By Mumbai Mirror Bureau
Scientists have devised a new way to eliminate poisons from the blood stream using nano magnets. If successfully applied to humans, it could be a more effective alternative to kidney dialysis
The specially created nano magnets are just 30 nanometres (a 30 millionth of a millimetre) in diametre, and less than a gram of them is enough to clear the blood of the entire human body of a specific toxin within a few hours. At least this is what has been demonstrated in the first in-vitro trials with human blood.
Target Specific Magnets
In her doctoral thesis Inge Herrmann from the Institute of Chemistry and Bioengineering Sciences at ETH Zurich has equipped the minute magnets in such a way that they can bind with disease-causing substances in the blood.
The scientists tested the properties of their magnets with human blood. Since blood has a high viscosity, they mixed relatively strong magnets by gently swinging it. In less than five minutes the magnets had almost completely bonded themselves to the toxin.
"The speed with which the molecules bond to the magnets depends on their binding constant", says Herrmann.
"The higher the constants, the faster the antibody of the magnet, for example, binds to the antigen".
Using magnets has a great advantage where contaminants of different sizes and weights can be removed from the blood selectively, whilst vital substances of a similar size, such as antibodies from the immune system or plasma proteins, remain in the blood.
End Of Dialysis
Small molecules that can make a person ill when they are present in excess, such as urea, potassium or creatinine, are conventionally removed from the blood circulation through dialysis, filtration or absorption methods.
However, the body’s own toxins sometimes have molecules that are too large to allow them to be eliminated with such methods, since otherwise vital molecules would also be lost.
Up to now, the only solution has been a complete exchange of the blood plasma. If we were to succeed in putting into practice blood purification using specific magnets, the scientists are convinced that this would be a great medical breakthrough.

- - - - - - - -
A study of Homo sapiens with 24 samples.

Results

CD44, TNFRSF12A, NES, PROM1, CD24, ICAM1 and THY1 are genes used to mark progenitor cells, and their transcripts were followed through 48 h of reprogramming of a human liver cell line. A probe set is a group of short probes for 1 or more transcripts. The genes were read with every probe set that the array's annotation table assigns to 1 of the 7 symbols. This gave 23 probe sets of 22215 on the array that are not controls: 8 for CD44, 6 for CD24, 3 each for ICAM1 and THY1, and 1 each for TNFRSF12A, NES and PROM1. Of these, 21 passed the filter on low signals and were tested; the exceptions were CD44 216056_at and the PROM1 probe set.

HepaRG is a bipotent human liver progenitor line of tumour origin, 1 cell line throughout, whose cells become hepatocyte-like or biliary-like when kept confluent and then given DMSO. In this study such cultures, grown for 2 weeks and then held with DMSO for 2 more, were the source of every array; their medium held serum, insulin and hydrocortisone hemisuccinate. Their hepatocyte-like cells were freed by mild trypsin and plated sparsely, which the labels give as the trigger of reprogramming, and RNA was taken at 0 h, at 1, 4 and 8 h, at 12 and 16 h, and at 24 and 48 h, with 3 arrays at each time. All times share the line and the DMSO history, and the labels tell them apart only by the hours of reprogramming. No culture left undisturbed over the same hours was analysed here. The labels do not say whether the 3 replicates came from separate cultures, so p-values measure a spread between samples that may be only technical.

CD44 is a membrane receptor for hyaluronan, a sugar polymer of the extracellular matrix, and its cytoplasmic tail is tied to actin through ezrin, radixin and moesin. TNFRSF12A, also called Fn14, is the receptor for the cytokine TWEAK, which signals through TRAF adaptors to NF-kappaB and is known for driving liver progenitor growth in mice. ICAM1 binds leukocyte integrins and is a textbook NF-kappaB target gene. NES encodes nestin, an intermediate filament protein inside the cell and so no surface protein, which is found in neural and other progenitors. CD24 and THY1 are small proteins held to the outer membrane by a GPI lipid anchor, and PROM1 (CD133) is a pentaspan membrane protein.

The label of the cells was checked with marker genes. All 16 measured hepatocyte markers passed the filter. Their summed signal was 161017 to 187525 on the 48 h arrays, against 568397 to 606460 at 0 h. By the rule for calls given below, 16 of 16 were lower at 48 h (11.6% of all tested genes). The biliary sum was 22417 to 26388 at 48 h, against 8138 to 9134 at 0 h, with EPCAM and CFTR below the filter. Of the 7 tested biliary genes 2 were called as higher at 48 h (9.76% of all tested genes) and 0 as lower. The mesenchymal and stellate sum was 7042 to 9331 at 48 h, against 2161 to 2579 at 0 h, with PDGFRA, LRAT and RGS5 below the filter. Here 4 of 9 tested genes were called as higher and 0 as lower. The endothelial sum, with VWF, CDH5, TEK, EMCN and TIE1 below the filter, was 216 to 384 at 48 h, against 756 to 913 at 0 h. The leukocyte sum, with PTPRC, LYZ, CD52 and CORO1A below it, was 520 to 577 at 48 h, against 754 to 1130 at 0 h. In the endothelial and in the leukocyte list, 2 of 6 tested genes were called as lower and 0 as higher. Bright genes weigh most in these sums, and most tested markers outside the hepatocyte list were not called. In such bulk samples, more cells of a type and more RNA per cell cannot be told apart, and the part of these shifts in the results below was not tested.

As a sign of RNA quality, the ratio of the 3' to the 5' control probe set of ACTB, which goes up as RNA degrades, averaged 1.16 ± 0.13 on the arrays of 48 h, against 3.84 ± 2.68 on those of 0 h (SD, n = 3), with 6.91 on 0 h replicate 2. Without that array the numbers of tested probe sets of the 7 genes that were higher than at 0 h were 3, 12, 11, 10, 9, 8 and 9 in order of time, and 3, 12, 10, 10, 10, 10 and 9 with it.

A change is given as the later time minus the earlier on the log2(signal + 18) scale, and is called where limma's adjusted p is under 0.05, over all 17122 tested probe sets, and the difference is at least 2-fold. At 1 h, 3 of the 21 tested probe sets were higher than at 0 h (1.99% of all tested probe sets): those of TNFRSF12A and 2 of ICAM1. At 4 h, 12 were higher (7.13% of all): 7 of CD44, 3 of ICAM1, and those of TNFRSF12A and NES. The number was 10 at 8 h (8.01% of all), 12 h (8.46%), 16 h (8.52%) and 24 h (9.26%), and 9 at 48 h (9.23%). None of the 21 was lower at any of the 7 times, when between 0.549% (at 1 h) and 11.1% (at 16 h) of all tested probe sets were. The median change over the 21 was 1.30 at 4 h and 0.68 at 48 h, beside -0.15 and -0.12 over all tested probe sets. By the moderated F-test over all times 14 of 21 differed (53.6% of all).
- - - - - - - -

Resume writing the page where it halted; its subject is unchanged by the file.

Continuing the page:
For Herrmann, what is interesting above all is that the magnets can bond even the smallest molecules. This is particularly important in the case of proteins, which are responsible for inflammatory processes.
In contrast to an earlier study, in which work was conducted with about 45 times as many magnets and in which the red blood cells were destroyed, the scientists could not detect any negative effects on the physiology of the blood.
Neither the red blood cells nor the coagulation were impaired. Fears that the magnets could release too much iron into the blood are unfounded, they say. For one thing, they are encased with a carbon shell, and for another they are very resistant to acid and temperature. And even if, in spite of everything, over half the magnets were dissolved in the blood, the amount of iron thus released would be smaller than that which is given in the case of iron deficiency.
Whether the procedure can be successfully applied to a living organism is to be tested in a subsequent stage. If so, it could be an ideal supplement to conventional treatments in the case of serious poisoning, sepsis, metabolic disorders and autoimmune diseases.